Shares of Birkenstock Holding PLC slid nearly 8% on Thursday after the sandal maker reported a surprise fourth-quarter loss amid “subdued customer sentiment” and said it expected a slight hit to margins due to costs related to ramping up a new factory in Germany.
On its first earnings call since its IPO in early October, the German footwear maker
said it had room to raise prices to counterbalance those expenses and what it called “some pressure from inflation” this year.
During the call, Chief Executive Oliver Reichert suggested that Birkenstock customers would be flexible toward any changes it makes to footwear prices. And he said that margins would recover following the company’s investments in the new factory, located in the town of Pasewalk near the Polish border in northeastern Germany.
“So, we have enough leg space to further increase pricing and [help digest] the one-off costs through this factory improvements and the further investment in our capacity,” he said.
“This will give us a completely different situation from 2025 onwards,” Reichert continued. “So, we expect that this growth preparation will be heavily digested within 2024. And then you will see a quick recovering of margins and efficiency and, hopefully, less inflation as well.”
The new factory opened in September. On the call, Reichert said the facility, plus the refitting of another factory in Germany and one in Portugal, would give the company the chance to double its production capacity amid stiff competition with other casual-footwear brands. However, higher prices for basic goods over the past two years have cut into demand for shoes.
According to its IPO filing last year, the 250-year-old company has tried to capitalize on a variety of trends over the years — including health consciousness, a more informal approach to attire, the rise of modern feminism and “the rise of purpose-led, conscious consumption.” Demand, Reichert said on Thursday’s call, was still solid.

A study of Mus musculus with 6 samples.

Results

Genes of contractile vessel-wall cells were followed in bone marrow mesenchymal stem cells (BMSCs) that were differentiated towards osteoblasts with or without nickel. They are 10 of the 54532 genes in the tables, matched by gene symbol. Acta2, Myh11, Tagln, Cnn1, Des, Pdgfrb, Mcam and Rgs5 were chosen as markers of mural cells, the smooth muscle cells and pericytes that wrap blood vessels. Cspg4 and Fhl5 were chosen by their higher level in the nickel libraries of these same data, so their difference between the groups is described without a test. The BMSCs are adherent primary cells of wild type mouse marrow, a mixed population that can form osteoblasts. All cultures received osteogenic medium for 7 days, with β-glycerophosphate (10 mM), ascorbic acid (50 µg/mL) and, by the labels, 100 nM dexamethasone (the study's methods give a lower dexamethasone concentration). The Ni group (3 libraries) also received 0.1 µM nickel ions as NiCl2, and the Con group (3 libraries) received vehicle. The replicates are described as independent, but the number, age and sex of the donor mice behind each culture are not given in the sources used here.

“The demand for purpose-driven brands are unbroken,” he said. “It’s a bit of a difference for the desire-driven luxury brands. I think they are much [more heavily] under pressure. We are not. We see growth everywhere.”
Birkenstock’s market debut was one of the bigger IPO flops for a deal of its size in recent years, according to Renaissance Capital. However, shares have risen 14% since the closing bell of the stock’s debut session on the New York Stock Exchange, even as they closed Thursday just 12 cents above the offering price of $46.
The company’s results for its fourth quarter, which ended Sept. 30, were mixed. Converted to U.S. dollars, Birkenstock reported a loss of 16 cents a share, compared with a consensus analyst forecast of a per-share profit of 15 cents, according to FactSet data. Revenue of around $407 million topped the consensus estimate of $385.6 million.
Executives said they expected a “modest headwind” to adjusted EBITDA margins during fiscal 2024, “due to planned ramp-up costs and an initial underabsorption in Pasewalk.”
Still, Jefferies analysts on Thursday called the results from Birkenstock “encouraging,” citing sales gains in North America, and downplayed the margin forecast. The analysts kept their buy rating on the stock, and said Thursday’s stock-price drop represented a buying opportunity.
“We viewed performance as encouraging, particularly the top-line strength experienced in the Americas [up 30% year over year],” they said. “The company’s [full-year adjusted] EBITDA outlook could be viewed as mixed; however, we believe [management] is likely exercising caution.”
In Birkenstock’s earnings release, Reichert said the company’s products transcended near-term market jitters.
“As a footbed company with a unique business model and a proven engineered distribution model, we offer a product with a purpose and that withstands short-term market or fashion trends, because it serves a primal human need — to walk as nature intended,” he said.